Featured Image

Review: Kona Wah Wah II

Kona's second generation Wah Wah joins the plastic revolution

Dodge, dip, dive, duck and dodge!

This isn't dodgeball, this is mountain biking. But the same rules hold true. Okay, maybe dive is a stretch, but it happens -- just not on purpose. The others? Important stuff. If you don't have those mastered you’re liable to be running into tree branches and blasting into square rocks no tire could roll over un-pinched. What am I get at here? Pedals. That's right. Pedals. A good pair of pedals makes all the difference when dipping, diving, ducking and dodging. The Kona Wah Wah II is a good pedal.

Around a decade ago Kona came out with the original Wah Wahs. They were game changing … at the time. But by today’s standards, they’re big, heavy pieces of metal that will have you crying their name if your foot slips. The new ones couldn't be more different. They are sleek, thin, lightweight and plastic. A slipped foot will still lead to boo hoos though.

The Wah Wah II joins the fast-growing market of composite pedals. The glass-fiber reinforced nylon material is hard, durable, lightweight and most appealing -- cheap. A good pair of pedals no longer has to cost more than $100. Clocking in at a frugal $50, the Wah Wah IIs have seven pins per side, replaceable of course, and weigh 360 grams per pair. The spindle and bearings are completely serviceable from home, and the platform is 12-centimeters long by 11-centimeters wide at its widest point. Oh, and they are thin. Thirteen-millimeters thin.

Two things struck me about these pedals when I first pulled them out of their box. One: They are big. Two: The line of pins skirting the pedal’s edge doesn’t extend to its middle. I knew big pedals offer gobs of grip (I've ridden the Pedaling Innovation Catalyst pedals for some time), but I also knew that other pedals I had ridden without mid-platform pins were slippery. Which way would these go?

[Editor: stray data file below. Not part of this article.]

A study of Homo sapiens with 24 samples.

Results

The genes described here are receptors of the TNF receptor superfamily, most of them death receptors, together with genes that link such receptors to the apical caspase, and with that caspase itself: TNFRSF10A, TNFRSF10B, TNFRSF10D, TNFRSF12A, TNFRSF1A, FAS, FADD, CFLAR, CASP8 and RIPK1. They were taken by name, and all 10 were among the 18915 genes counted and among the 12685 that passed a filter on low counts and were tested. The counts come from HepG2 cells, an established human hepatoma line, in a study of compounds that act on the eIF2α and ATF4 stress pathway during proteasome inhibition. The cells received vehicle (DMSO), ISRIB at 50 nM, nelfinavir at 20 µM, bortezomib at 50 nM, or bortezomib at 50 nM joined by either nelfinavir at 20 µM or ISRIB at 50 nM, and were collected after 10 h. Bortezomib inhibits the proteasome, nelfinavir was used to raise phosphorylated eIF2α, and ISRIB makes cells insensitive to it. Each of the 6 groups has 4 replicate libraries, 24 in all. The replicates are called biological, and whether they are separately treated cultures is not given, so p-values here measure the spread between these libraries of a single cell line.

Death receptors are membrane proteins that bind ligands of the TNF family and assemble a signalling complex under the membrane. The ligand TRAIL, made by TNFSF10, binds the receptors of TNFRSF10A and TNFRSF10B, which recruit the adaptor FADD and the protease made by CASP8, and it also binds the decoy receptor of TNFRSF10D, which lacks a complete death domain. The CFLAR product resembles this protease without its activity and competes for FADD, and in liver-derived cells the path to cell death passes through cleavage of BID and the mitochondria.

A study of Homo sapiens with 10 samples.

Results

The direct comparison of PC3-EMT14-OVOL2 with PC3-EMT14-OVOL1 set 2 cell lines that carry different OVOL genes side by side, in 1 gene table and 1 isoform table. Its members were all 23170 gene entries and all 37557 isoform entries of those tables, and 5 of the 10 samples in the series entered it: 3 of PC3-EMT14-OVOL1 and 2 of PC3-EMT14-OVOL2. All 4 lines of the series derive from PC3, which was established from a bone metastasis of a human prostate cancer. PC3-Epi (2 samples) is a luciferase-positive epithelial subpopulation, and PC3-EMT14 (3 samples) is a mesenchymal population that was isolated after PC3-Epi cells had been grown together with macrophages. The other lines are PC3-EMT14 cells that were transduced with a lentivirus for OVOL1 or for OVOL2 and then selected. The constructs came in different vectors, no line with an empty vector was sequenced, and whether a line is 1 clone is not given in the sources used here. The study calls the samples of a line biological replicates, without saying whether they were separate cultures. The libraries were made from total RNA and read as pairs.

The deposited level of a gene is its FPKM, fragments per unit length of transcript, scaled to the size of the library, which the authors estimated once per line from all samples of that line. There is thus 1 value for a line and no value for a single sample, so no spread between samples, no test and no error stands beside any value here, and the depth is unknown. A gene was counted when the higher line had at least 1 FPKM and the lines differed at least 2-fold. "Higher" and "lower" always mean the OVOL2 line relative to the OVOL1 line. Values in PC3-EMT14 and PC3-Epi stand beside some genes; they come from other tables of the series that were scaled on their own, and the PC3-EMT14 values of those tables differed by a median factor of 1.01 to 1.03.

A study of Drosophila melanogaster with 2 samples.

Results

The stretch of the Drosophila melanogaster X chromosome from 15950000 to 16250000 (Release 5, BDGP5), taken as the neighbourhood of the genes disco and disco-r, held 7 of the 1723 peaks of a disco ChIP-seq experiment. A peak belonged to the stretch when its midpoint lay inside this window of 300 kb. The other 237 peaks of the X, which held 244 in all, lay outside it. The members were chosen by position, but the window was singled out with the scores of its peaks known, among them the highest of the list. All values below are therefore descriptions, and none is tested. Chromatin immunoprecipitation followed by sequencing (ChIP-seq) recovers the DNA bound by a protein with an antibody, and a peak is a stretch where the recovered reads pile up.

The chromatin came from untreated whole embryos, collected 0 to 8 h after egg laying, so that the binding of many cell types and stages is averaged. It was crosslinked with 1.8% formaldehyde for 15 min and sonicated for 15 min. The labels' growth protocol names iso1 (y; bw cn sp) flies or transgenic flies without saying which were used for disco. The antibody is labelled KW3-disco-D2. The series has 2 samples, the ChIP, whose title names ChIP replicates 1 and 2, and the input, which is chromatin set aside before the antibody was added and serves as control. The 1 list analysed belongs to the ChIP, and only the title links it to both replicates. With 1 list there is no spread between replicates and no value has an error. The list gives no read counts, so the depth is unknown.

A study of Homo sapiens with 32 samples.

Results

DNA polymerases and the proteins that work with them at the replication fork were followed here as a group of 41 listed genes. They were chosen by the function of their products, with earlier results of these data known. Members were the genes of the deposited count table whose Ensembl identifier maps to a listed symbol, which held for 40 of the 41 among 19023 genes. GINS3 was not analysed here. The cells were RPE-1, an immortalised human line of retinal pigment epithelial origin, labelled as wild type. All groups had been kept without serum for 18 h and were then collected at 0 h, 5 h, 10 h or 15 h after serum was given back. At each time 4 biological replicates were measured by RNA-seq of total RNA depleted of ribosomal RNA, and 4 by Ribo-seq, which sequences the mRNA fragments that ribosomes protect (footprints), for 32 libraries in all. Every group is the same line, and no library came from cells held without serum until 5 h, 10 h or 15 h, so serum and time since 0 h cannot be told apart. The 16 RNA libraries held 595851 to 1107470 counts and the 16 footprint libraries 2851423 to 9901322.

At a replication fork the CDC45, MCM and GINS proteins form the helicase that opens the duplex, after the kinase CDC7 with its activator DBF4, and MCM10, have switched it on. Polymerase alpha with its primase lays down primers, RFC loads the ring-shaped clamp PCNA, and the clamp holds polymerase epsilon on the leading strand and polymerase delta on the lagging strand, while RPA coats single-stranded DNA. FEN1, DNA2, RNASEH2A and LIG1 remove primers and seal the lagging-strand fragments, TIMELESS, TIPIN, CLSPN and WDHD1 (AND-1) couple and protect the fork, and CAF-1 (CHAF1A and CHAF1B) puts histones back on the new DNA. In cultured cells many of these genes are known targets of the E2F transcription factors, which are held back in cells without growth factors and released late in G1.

There isn’t much room for error between the pedal and crank.

I spun them onto my bike. Annddd the spacing was off on one pedal. Without a pedal washer, the bearing shell rubbed my crank arm. Strike one. Three strikes and you're out. Spoiler alert: The Wah Wahs didn't get any more strikes, unless you count pedal strikes. And I guess I’m supposed to use pedal washers anyway, but with these, I had to.

These pedals are big. But they are big in a different way than many others. The Wah Wahs extended further out to the side rather than receiving the more common front-to-back growth seen on other pedals. That isn't to say these aren't long though, just not noticeably longer. The size allowed me to center my shoe on the pedal without compromising front-of-foot stiffness. The wider size also made it less likely for me to end up with the edge of my shoe off the pedal when adjusting my foot position. Ultimately what this resulted in was a stiffer shoe feel and more confidence both descending and climbing.

The Wah Wahs are thin. They aren't razors, like the OneUp Aluminum pedal but they are thin, and the leading-edge tapers underfoot to help deflect pedal strikes. Of which there are many. The wider surface area of the Wah Wahs did have me striking in places I previously had not. After a few rides I was able to adjust to the size and once again was riding without regular strikes. Does this count as a strike against the pedal? A couple rocks on my normal trails might disagree, but I say no. In the end, pedal strikes and all, my foot was more centered on the pedals, more often for more grip and more fun. More.

The lack of pins in the middle was also not a detriment to grip. This is likely due to the slightly concave shape of the pedal. In fact, at points these pedals were so grippy I had trouble making micro-adjustments to my foot position. But once my foot was where I wanted it, I was ready to rumble. From rock roll to berm to jump I was dipping, ducking, dodging and not diving as well as ever. Through turns, I could lean the bike and push into the suspension with extra support and grip mid-foot. On alternate lines, jumps and jibs I could rotate the pedals and lift with fore-foot grip to get the bike off the dirt. Long pins and the bigger platform made the pedal easy to get parallel to the ground and bash through rock gardens without my foot bouncing around. I would even go so far as to say these are some of the tackiest pedals I have ridden. Now if only they could come in a shiny glitter pattern and they could be tacky in two ways.